We help with Family Based Green Cards, Spouse and Fiance Visas.
Dedicated to bringing Families together – Chicago Immigration Attorney Kurt Larsen understands the complexities of the immigration process and is skilled and proficient at obtaining approved visas. His awareness of the immigration process is more than professional; he has personally experienced immigration through obtaining a spousal visa for his wife and then adjusting her status to that of a permanent resident. Therefore, the handling of every individual case is of special importance to him.
Chicago Immigration Attorney Kurt G. Larsen: 20 years of Experience
Bringing your Relatives to the U.S. (“Immediate Relatives”)
Immediate relatives are defined as children, spouses, and parents of United States citizens. There is no limit to the number of immediate relative visas that may be issued in this category in any given year. Immediate relatives may obtain an immigrant visa or adjust their status to that of a lawful permanent resident upon approval of an immigrant visa petition without having to wait for a visa to become available.
The alien spouse or child of an immediate relative does not automatically acquire permanent residence when the principal applicant obtains such status.
The only exception is for children of a widow or widower of a U.S. citizen.
Family-based preference categories apply to family immigrants other than immediate relatives. It lists four preference categories:
The first preference category consists of unmarried sons or daughters of U.S. citizens.
The second preference family-based category deals with relatives of permanent residents of the United States and is divided into two subgroups each with a separate waiting list for available visas: Spouses and minor children of permanent residents, and unmarried sons or daughters (but not their children) of permanent residents.
Under the third preference category falls a married son or daughter of the U.S. citizen.
The fourth preference category permits U.S. citizens over the age of twenty-one to petition their brothers and sisters for permanent residence.
These preference categories are subject to annual visa limits. This also means that there are visa backlogs in some preferences. Available visas are issued to beneficiaries in order of their priority date, which is the date that their petition for permanent residence is filed.
Immigration Based On Marriage
A United States citizen or lawful permanent resident petitioning to classify a spouse as an immigrant must demonstrate that they and the immigrating spouse (the beneficiary) have a legal marriage. Generally, if the marriage was valid where performed, it is considered legal unless it violates public policy. Additionally, the petitioner must establish that the marriage was not entered into for the purpose of evading the immigration laws. Therefore, it is possible that a marriage may not be recognized for immigration purposes even though it is legal.
Marriage-based immigration has long been controversial due to the fact that the genuineness of a marriage relationship often cannot be objectively measured. A legal marriage is considered to be valid for immigration purposes if, at its inception, the couple intended to establish a life together and assume certain duties and obligations. If the sole intention was to secure the immigrating spouse’s legal residency in the United States, United States Citizenship and Immigration Services (USCIS) will consider the marriage to be fraudulent or a “sham” and not valid for immigration purposes.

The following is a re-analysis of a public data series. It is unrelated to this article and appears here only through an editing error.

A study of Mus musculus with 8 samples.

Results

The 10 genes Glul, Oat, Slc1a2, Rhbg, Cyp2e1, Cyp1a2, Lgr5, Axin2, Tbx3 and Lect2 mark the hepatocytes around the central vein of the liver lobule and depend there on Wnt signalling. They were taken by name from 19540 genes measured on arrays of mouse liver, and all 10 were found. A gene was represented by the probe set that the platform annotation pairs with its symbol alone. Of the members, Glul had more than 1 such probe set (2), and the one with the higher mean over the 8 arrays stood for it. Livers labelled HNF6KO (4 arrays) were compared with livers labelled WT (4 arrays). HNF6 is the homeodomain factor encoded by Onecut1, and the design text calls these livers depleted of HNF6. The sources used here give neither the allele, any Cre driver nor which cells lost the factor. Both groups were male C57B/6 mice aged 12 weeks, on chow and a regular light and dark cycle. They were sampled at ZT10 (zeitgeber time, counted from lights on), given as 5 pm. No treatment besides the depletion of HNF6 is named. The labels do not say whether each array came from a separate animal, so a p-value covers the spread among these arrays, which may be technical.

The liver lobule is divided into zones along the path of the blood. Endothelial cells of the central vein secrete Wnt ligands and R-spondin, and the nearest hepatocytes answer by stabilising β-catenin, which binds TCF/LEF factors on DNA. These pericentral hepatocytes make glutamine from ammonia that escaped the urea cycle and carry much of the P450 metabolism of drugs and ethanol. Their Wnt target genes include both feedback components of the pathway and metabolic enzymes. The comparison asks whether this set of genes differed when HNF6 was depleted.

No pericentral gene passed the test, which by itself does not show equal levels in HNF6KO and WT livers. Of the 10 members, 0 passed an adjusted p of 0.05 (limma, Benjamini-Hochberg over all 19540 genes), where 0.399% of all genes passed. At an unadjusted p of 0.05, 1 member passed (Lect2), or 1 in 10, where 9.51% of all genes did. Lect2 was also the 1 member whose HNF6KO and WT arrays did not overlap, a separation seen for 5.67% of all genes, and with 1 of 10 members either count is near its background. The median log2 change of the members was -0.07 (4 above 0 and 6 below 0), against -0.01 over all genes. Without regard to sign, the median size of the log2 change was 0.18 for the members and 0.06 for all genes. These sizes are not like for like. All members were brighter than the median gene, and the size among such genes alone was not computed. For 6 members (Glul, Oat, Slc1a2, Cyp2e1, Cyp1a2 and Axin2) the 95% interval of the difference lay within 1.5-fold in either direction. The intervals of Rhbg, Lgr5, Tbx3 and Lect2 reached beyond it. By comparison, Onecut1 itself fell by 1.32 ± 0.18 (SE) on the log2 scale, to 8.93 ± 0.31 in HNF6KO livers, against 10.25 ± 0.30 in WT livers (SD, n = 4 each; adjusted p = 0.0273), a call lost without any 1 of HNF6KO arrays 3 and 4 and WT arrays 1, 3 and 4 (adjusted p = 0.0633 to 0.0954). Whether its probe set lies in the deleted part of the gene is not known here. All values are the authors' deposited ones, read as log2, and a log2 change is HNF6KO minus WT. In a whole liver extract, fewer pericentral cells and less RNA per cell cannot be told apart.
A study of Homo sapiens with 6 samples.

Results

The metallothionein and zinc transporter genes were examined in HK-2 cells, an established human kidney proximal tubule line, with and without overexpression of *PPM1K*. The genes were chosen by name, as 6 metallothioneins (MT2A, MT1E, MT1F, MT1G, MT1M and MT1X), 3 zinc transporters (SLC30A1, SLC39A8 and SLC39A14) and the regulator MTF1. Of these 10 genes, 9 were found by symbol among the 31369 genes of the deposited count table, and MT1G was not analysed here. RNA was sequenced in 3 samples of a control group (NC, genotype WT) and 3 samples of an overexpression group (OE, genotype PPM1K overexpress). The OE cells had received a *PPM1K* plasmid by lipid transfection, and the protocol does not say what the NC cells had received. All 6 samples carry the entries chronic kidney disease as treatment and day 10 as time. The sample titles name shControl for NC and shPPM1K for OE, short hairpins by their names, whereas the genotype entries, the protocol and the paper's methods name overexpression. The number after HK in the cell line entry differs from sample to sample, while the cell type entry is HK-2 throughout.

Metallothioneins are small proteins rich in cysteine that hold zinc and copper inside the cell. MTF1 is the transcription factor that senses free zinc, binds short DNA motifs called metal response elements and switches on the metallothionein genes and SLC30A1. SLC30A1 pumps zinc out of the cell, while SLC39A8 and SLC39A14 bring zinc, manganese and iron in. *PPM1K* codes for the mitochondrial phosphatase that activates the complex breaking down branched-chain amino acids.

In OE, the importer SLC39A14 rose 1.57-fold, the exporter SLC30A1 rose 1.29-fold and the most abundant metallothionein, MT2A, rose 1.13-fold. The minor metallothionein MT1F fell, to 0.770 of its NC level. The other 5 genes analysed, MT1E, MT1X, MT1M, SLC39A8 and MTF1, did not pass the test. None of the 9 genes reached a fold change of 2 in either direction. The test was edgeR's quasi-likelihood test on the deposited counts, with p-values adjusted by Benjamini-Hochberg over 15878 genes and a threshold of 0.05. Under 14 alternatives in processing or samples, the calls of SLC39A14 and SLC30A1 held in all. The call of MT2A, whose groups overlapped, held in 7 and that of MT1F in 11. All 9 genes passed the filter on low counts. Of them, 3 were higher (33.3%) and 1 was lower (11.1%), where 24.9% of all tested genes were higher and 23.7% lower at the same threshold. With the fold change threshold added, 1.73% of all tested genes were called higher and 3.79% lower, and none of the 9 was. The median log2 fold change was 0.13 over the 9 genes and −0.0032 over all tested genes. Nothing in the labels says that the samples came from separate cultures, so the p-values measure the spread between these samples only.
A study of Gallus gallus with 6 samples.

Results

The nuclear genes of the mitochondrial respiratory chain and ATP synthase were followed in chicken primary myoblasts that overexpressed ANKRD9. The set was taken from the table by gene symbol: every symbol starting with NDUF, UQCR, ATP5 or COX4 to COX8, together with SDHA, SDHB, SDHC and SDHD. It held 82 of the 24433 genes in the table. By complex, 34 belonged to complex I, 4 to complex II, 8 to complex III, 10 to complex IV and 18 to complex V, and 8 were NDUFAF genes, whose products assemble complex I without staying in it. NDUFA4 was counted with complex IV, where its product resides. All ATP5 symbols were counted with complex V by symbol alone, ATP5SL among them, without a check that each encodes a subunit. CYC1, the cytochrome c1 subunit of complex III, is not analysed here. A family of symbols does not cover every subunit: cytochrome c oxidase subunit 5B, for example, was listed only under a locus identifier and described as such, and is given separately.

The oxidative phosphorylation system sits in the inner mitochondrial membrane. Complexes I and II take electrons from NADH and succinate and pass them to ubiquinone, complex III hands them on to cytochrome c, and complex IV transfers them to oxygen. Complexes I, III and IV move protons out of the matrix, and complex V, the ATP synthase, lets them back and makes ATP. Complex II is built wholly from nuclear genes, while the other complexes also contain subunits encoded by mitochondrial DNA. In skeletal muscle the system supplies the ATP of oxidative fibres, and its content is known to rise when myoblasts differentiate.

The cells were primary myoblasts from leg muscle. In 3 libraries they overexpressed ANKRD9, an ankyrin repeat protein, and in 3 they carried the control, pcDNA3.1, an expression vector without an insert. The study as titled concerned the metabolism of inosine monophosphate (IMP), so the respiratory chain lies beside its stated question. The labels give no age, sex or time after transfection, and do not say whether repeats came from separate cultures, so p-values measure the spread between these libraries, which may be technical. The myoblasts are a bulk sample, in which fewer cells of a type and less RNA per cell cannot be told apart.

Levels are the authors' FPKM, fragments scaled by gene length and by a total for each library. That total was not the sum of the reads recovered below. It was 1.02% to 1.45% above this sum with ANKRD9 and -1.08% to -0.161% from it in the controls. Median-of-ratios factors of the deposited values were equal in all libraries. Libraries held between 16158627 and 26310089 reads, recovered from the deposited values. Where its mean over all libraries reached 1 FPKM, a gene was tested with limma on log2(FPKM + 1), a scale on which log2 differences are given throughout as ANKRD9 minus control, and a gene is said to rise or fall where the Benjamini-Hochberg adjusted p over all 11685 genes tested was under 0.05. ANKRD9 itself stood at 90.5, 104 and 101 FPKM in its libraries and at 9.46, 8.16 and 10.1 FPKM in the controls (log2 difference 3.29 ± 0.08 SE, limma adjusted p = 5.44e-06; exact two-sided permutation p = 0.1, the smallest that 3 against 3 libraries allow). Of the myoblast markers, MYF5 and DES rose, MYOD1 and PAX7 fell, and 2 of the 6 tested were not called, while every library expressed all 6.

Spouse and Fiance Visas
A K-1 visa is a nonimmigrant visa benefiting fiance(e)s of US citizen petitioners. It allows the fiancé(e) of an American citizen to enter the United States for a 90-day period in order to marry the American citizen and apply for a change of status to Permanent Resident.
Generally, the couple must have met in person within two years of filing the petition. However, United States Citizenship and Immigration Services (USCIS) may grant an exception to this requirement in those cases where it may be contrary to the couple’s cultural traditions for a man and woman to meet before marriage. USCIS may consider a person to be a fiancé/fiancée even after a marriage contract has been concluded in cases where the American citizen petitioner and the foreign national spouse have not met and consummated the marriage. Additionally, the fiancé/fiancée must also meet some of the requirements for an immigrant visa.
Dependents of a K-1 visa holder may enter the United States with a K-2 Visa: Children under the age of 18 of a K-1 visa holder may obtain K-2 visas to accompany the K-1 parent. K-4 children may attend school upon arrival, and after the marriage of the K-1 parent to the U.S. citizen petitioner, may obtain employment authorization.
K-3 / K-4 visas
Spouses of U.S. citizens and the spouse’s children can also come to the United States on K nonimmigrant visas (K-3/K-4) in order to complete the immigration process in the United States. The U.S. citizen must first file an immigrant visa petition on the spouse’s behalf before filing a nonimmigrant K-3 visa petition.
Additionally, before a K-4 visa can be issued to a child, the parent must have a K-3 visa or be in K-3 status.